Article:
By SYLVESTER ASOYA
Ever wondered why Ebenezer Obey enjoys followership across age, sex, tribe and religion? The answers are in the philosophy, melody, wisdom, maturity, rhythm and reality associated with his songs
He is the supreme commander of Juju, a music genre he popularized and dominated for many years. But Ebenezer Obey is more than just a juju musician in the music world. Apart from his influence which stretches far and wide, this important Nigerian artiste is also a mentor and a respected voice even outside music. One remarkable thing about Obey the musician, is that he does not carry the burden of perceptions of music or the controversies usually associated with performance artistes around the world.
This is the reason he is loved by all, irrespective of age, sex, tribe and religion. No wonder he was regarded during his active playing days as one of Nigeria’s biggest crowd pullers even outside the South-West where he hails from. Among his fans, they also agree that one of his major strengths is his ability to compose great tunes around proverbs and everyday life for the enjoyment of the Yoruba and non-Yoruba alike. Moreover, the fact that everyone enjoys the works of this highly gifted Nigerian musician says a lot about his creativity, skills and delivery.
So whether you are listening or dancing to Milikki, Austerity Measure, Ema se lo, Yungba Yungba, Olomi Gbo Temi, Aimasiko, Edumare Soro Mi Dayo or The Horse, The Man and The Son, the message and rhythmic sequence remain loud and clear. Through his music, he addresses social, economic and political issues. In his songs, he also comments and engages his audience in a most riveting manner, breaking language barriers and forcing people to the dance floor. He is a musician who reveals. His works also address societal concerns, cultural changes, social realities and point to the direction where humanity is headed even as he sometimes predicts what may happen in future.
Mrs. Olusola Abdul-Beckley, a polyglot and retired school headmistress who incidentally hails from Ogun, Obey’s home state, recalls the impact of the musician’s music on her life in her teenage years. “I love his music. The reason is that he sings about the things happening around us. He also sings about what people do and say. And most of his songs are very inspiring. One of the songs is entitled: Kosogbo Ni To Leda, which literally means that there is nothing in this world anyone does that would please everybody. People must find fault with your actions no matter how good, even if you kill yourself for them, they will still complain”, she says.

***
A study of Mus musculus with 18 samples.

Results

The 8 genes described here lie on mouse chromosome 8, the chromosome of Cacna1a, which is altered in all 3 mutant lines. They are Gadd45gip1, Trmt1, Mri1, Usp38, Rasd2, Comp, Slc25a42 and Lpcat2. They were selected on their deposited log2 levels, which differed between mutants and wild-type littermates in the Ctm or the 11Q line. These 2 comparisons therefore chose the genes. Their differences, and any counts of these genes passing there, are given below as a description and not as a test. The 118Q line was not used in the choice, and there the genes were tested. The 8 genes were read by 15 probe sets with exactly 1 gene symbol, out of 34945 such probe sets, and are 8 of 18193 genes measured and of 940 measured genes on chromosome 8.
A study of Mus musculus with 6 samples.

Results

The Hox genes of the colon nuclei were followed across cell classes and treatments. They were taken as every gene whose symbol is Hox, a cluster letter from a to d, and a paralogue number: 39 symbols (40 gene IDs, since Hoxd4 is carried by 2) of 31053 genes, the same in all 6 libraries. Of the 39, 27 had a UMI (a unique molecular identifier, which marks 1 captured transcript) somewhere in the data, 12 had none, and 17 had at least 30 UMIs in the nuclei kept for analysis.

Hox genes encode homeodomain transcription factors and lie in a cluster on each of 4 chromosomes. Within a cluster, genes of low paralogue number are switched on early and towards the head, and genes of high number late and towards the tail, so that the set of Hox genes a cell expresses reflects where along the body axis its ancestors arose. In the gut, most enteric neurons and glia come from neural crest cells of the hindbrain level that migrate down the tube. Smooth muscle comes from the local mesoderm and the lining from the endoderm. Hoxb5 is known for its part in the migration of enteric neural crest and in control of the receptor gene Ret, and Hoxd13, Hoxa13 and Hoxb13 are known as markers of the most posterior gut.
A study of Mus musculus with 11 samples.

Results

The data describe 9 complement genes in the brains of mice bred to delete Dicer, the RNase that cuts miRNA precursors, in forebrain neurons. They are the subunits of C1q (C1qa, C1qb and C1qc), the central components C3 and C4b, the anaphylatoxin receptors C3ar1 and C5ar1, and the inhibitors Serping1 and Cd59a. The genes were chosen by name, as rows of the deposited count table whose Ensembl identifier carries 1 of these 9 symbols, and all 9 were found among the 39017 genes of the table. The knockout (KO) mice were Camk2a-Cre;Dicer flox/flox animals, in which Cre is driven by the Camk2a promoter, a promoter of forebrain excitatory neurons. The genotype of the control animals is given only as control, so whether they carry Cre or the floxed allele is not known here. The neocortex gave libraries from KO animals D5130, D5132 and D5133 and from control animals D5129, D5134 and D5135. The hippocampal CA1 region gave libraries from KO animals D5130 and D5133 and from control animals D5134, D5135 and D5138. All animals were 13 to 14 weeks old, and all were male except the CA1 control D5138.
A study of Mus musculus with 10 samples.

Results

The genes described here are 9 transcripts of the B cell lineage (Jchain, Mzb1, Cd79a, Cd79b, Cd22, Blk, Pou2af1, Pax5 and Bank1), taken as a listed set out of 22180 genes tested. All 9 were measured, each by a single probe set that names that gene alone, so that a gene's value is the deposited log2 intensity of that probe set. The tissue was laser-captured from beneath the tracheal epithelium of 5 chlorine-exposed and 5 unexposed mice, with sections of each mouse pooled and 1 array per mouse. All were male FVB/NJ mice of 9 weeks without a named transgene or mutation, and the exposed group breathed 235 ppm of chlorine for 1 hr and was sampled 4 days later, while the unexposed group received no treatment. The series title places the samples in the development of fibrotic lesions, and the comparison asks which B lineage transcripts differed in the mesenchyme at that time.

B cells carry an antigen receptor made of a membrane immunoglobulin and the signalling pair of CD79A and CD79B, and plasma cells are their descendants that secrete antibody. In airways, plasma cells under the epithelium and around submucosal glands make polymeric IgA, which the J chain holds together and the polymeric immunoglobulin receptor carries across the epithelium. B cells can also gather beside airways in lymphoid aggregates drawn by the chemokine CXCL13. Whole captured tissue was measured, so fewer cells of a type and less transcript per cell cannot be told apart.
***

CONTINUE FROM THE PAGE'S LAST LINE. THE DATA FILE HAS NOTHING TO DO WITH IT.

Abdul-Beckley provides further insight on the relevance and topicality of his works. According to her, Obey has wisdom; when he sings, everyone listens and learns. That is why mature and older people are hooked to his songs. It is difficult for anybody to ignore Obey, the music legend. His songs are beautiful and I enjoy all of them till this day”.
Stanley Okoronkwo is another fan from the South-East. Okoronkwo, a film maker and former entertainment editor with one of Nigeria’s national newspapers says his first contact with Obey was through his father. “My father is a great fan of Ebenezer Obey. He used to bring his records home and we all enjoyed his songs. That was how it rubbed off on me as a child in those days. I don’t understand what he says because I really don’t speak Yoruba language but I am connected with the lyrics because you must not speak his language to appreciate his great musical talent. So I enjoy his music because it cuts across language and tribe and the delivery and rhythm have impact on me”, he reveals.
It is interesting to note that Obey, who is also called a reformer probably for his high values, ethical principles and standards, remains cool-headed even in the face of his achievements. However, the musician has switched positions. Many years ago, he abandoned the secular and flamboyant music world with its pomp and ceremony for gospel music and evangelism. Now, he provides guidance and spiritual nourishment with soul-lifting songs and messages to hundreds of Christians and other people as an evangelist and shepherd of God’s flock.
Born on April 3, 1942 in Idogo, Ogun State, Obey is credited with over 50 albums and hundreds of performances.
This article was first published in alice, the in-flight magazine of Air Peace.